Bill _OC


This is a subject that may be a little off beat, but I would be curious if anyone has some ideas that might help.

My topside camera is a Nikon N80. Last year on a cruise, I had severe problems with the lens (front and back), mirror, viewfinder etc. fogging up when I left my stateroom on a cruise in the southern caribbean. It took forever to clear up.

I'm expecting similar results with my Olympus digicam when it is not housed. (hopefully the gel packs in the housing will prevent this).

I have heard that preheating the equipment with a hair dryer (not sure if this advise was tongue-in-cheek) may help.

Any ideas would be greatly appreciated.

#2 MikeO



With the cameras topside, your problem is condensation on the camera gear. Underwater, the problem will usually be condensation on the inside of the housing. Topside, you are taking an object out of a cold environment (the presumably air-conditioned stateroom) into a warm humid one. The moisture from the warm air condenses onto the cold object causing your fogging. Warming the camera before going outside will help solve this problem (hence the hair dryer). If there isn't a threat of theft, I usually leave my cameras out of the air conditioning (but in the shade) inside their case to combat this. Otherwise I have to sit there every morning waiting for them to warm up. Dessicant packs will not help you in this case because the moisture you are worried about is in the air all around you. What dessicant packs help to prevent is fogging inside the housing. This is similar to the topside fogging except that in this case, you are taking warm, humid air and trapping it in the housing. When you take the housing underwater, the housing cools and moisture will condense on the inside of the housing. If the whole thing gets cold enough, you may get some condensation on the camera, too. Dessicant packs absorb the moisture in the air in the housing and this helps combat fogging inside the housing underwater. Keeping a wet towel over the housing between dives also helps.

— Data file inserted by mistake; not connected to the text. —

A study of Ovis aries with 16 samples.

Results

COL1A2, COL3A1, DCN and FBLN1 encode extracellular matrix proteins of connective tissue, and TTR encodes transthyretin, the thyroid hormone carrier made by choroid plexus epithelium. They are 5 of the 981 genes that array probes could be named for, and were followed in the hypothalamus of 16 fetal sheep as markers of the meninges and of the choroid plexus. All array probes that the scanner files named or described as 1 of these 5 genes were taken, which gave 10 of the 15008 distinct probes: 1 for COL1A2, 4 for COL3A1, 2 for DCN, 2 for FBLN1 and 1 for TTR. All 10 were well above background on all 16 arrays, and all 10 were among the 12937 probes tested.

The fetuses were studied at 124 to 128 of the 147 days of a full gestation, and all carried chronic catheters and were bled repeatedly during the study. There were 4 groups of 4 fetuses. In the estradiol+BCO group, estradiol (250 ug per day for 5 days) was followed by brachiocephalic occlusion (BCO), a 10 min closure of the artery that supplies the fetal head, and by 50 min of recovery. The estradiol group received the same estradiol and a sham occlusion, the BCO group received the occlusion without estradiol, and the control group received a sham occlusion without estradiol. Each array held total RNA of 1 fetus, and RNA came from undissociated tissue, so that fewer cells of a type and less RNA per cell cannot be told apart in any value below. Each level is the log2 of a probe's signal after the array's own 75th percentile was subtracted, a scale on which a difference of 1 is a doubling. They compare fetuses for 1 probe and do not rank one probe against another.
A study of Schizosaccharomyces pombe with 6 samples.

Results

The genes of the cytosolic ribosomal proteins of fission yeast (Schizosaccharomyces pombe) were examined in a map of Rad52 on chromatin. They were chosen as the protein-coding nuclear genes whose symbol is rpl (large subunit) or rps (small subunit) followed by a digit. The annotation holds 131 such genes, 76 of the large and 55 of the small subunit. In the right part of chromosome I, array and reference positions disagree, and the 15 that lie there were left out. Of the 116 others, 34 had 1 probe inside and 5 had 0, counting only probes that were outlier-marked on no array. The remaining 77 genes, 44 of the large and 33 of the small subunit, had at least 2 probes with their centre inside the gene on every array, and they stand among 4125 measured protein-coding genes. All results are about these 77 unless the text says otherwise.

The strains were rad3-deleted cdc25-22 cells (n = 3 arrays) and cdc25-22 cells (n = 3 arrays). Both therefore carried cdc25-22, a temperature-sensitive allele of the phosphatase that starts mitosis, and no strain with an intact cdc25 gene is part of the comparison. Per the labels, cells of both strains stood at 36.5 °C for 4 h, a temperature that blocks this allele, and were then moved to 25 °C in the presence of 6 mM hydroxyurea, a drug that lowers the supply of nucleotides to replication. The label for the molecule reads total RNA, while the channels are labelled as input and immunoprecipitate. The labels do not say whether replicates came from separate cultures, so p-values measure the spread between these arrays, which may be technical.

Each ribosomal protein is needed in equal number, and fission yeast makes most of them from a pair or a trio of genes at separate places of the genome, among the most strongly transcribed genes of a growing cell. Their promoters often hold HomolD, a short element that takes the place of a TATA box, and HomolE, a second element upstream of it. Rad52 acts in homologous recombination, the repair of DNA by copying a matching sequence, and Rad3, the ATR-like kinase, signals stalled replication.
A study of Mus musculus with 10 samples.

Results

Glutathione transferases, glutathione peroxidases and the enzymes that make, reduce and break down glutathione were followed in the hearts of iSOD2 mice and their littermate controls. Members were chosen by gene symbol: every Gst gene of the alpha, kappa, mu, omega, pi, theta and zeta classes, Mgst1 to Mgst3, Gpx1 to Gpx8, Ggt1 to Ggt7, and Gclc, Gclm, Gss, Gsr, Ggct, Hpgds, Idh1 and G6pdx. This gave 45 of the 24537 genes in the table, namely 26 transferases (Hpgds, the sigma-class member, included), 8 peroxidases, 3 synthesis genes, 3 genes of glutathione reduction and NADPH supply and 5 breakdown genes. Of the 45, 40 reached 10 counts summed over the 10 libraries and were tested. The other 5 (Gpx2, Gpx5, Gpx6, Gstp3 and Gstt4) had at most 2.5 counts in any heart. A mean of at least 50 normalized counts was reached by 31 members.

Mike Oelrich
Canon EOS 40D in Seatool housing, 100mm macro, Tokina 10-17, INON Z-240s.

#3 rstark



You can buy silica in bulk at the address below or at an arts & crafts store. Then get a very small ziplock bag and use a pin to poke small holes in the bag and fill it up with the silica. When you want to regenerate the silica you should take it out of the ziplock, it will probably melt.